Anna Ayala claimed she was distraught, and authorities believed her.
The Las Vegas woman called police on March 22, 2005, and said she'd found a human finger in a bowl of chili she'd ordered from a Wendy's restaurant in San Jose, California, The Smoking Gun reported.
Within two days, the story went national; several news sites and newspapers ran prominent stories about the gruesome discovery, alongside photos of the severed finger that had been turned over to authorities.
The story snowballed, late-night comedians had weeks' worth of fodder for jokes about the secret ingredient in Wendy's chili, and the fast-food chain lost millions in revenue as disgusted customers stayed away.
By the time Ayala was arrested and her claim was exposed as a hoax -- she'd gotten the finger from a friend who suffered an industrial accident -- the damage to the Wendy's brand had been done.
Now, another fast-food chain is facing a test to its reputation, and its executives can learn from the Wendy's chili debacle.
Chipotle has not had a good couple of months; the company closed dozens of locations in late October 2015 after an E. coli outbreak sickened 55 customers in 11 different states, according to the FDA. Twenty-one of those victims were hospitalized.
A second, smaller outbreak was tracked to Chipotle restaurants in December 2015, and the two incidents combined prompted a federal investigation into the company's methods and protocols for things like cleanliness and sick leave.
The outbreaks have hit the Mexican food chain hard, with sales in January plummeting by 36 percent, according to the Daily Mail. Quarterly earnings declined for the first time since the company went public in 2006.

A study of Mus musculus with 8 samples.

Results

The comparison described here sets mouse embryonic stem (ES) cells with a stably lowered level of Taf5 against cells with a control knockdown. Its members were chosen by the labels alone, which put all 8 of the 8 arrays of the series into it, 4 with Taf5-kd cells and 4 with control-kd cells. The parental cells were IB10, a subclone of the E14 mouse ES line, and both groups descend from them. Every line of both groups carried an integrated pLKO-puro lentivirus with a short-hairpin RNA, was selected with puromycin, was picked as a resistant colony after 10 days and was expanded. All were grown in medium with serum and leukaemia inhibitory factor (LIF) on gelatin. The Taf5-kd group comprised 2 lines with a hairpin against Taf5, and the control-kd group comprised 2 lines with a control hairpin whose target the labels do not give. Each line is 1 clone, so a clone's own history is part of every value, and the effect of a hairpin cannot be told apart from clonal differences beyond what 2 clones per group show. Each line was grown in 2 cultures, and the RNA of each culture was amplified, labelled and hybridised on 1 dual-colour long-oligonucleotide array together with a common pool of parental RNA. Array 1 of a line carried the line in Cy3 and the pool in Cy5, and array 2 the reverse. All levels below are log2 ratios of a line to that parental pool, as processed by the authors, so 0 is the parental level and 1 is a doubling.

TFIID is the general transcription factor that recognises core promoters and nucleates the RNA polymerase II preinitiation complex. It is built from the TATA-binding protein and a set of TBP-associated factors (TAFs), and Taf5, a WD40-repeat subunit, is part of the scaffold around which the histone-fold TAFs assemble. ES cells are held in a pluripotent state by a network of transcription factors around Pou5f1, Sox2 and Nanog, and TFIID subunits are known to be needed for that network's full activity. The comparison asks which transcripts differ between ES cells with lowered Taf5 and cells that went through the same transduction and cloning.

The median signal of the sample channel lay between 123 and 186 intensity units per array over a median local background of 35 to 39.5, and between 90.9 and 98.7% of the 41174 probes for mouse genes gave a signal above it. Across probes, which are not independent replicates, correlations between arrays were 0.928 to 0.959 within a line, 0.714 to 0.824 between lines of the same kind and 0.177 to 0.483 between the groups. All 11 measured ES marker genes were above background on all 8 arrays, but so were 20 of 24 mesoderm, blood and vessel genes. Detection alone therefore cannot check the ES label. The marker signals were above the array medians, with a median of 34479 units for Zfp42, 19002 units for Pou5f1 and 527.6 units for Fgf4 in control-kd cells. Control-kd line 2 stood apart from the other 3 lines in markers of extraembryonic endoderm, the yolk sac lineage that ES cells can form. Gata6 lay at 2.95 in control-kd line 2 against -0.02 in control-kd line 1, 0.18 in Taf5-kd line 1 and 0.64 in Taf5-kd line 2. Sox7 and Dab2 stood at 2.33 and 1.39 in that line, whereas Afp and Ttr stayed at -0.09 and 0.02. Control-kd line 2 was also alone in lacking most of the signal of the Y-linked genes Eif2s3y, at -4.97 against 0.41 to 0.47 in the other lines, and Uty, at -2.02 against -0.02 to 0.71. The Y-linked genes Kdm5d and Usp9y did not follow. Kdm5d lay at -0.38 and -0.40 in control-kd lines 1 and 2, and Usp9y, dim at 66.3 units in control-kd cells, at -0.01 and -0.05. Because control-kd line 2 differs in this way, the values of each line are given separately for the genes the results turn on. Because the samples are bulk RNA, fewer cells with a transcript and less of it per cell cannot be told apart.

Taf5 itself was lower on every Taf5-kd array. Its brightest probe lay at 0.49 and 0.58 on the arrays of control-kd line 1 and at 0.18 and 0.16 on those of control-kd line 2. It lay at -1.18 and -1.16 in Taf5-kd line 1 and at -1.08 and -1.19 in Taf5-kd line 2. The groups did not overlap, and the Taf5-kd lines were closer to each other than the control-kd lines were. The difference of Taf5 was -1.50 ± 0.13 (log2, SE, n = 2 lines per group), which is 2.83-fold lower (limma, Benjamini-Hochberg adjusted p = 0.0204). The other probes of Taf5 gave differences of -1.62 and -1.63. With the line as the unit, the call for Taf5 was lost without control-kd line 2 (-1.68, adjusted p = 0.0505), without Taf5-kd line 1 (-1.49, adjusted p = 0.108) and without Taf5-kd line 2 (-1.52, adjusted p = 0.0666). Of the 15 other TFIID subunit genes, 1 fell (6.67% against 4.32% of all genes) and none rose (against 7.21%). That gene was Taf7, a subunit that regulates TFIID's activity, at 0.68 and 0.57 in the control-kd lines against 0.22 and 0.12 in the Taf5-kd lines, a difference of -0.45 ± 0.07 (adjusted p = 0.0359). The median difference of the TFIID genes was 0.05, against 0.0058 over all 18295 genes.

Realizing they have a long road ahead of them in terms of winning back customer trust, Chipotle executives tried to combine transparency, apologies and free food as a mea culpa to put-off customers. On Feb. 8, they rented 400 theaters and conference rooms across the country for an all-hands presentation to the company's 50,000 employees. Chipotle bigwigs talked about changes to the way the restaurants handle everything from marinating meat to chopping vegetables.
But the presentation wasn't just for employees; the company, which styles itself as a healthy alternative to other fast-food restaurants, simulcast parts of the meeting online and live-tweeted the presentation to its 730,000 Twitter followers.
"We've come together today to make sure Chipotle is not just the most delicious place to eat, but also the safest," co-CEO Monty Moran said, according to CNN. "We worked with experts who helped us create the most effective food safety program possible."
Because stores were closed for four hours, Chipotle offered free burritos to anyone who texted the word "raincheck" to a dedicated number during the meeting.
Those are the first, small steps toward reconciling with customers. A full recovery is going to take more effort, including convincing customers that Chipotle is really making an effort to ensure sick employees stay home and running specials to lure diners, who have many other options in a crowded fast-food market.
Without missteps, Chipotle will recover. Like Wendy's' recovery, it won't be instantaneous, and shareholders will need to exercise patience. But there are takeaways from the Wendy's incident that may apply to Chipotle's woes: The public has a short memory, and time heals all wounds.